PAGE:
7Wannabe5 wrote: ↑
Tue Sep 14, 2021 5:47 pm
Might just be semantics, but I can’t see how savings and investments are not in the realm of Have.
I do think it is a case of semantics + a case of how investments are framed. The FIRE mechanism goes via the market but the point of the FIRE exercise is not to have
10000 shares in XYZ. Nor is it to build a portfolio or a collection of securities that one may enjoy or proudly display or somehow seek to own. This is perhaps easier to accept when cast in the framework of annuities. Once the money is handed over, it is no longer yours---rather you now have the promise of a lifetime income that gives the you the time do, be, or see.
Compare that to having a granite counter top. One can do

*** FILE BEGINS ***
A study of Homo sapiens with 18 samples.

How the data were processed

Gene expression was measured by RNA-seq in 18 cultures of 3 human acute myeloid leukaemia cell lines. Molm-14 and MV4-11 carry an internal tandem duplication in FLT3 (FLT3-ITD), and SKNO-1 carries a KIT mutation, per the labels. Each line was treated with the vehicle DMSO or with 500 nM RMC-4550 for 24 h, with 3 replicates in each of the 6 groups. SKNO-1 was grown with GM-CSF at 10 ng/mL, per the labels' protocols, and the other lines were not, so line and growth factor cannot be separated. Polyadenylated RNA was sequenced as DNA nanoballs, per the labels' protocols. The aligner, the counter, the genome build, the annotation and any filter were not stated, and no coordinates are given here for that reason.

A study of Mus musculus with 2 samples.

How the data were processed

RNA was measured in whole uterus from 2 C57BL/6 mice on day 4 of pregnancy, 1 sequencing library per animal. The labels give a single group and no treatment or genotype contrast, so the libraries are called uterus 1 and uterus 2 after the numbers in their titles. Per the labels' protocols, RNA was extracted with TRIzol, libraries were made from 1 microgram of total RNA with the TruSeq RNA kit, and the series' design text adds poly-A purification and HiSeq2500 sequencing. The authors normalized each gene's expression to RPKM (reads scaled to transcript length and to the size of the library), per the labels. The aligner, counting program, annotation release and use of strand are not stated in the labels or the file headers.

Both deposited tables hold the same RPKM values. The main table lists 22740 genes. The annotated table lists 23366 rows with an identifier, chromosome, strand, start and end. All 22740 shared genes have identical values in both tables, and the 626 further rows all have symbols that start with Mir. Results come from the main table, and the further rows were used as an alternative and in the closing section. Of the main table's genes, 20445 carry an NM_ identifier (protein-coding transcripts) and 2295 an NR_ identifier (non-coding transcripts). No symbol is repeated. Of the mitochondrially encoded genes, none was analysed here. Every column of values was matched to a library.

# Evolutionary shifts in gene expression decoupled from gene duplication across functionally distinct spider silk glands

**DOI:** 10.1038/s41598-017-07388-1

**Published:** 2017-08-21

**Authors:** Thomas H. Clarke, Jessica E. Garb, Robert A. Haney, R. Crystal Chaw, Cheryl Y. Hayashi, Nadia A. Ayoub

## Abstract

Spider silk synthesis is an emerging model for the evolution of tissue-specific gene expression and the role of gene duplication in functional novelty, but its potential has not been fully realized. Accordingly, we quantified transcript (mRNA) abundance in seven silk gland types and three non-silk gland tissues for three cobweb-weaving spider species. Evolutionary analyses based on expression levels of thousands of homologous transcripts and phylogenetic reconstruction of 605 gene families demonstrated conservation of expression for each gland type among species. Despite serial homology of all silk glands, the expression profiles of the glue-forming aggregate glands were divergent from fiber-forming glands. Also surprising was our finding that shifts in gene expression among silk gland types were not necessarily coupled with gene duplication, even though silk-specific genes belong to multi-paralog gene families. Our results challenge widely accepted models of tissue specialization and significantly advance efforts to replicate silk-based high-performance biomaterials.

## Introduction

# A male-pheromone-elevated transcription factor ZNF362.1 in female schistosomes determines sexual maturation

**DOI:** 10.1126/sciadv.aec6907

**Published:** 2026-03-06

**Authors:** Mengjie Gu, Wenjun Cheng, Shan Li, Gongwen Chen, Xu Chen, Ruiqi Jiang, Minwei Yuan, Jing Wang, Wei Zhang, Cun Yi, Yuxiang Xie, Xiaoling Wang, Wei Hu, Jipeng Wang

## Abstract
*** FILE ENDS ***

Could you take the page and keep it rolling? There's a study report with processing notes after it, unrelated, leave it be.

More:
cooking on any countertop, but some just like to have one made out of polished rock. Insofar one wants financial independence one has to have a cashflow ... but the point is not to have a specific set of gold-plated stock certificates...
Not much different than one has to have some clothes to put on in order to travel and see
the world. This does not mean that traveling is about having just because one has to be dressed and have
some clothes. Similarly jumping out of airplanes is not about having
a parachute. FI is the same---it's not about the portfolio even though the graphs in the journals can often make it look like that. I don't see this as a strawman argument.
I guess the point is which one is the main why?
Is having the primary motivation (goal) or just a necessary subgoal?
For example, FIRE "fails" when people have been pursuing FI as simply something they have like a "millionaire-status" or "FI-status" achievement award... these guys keep working to get richer and richer. They want to have money because they like money but do not desire to use it for "doing", "seeing", or "being".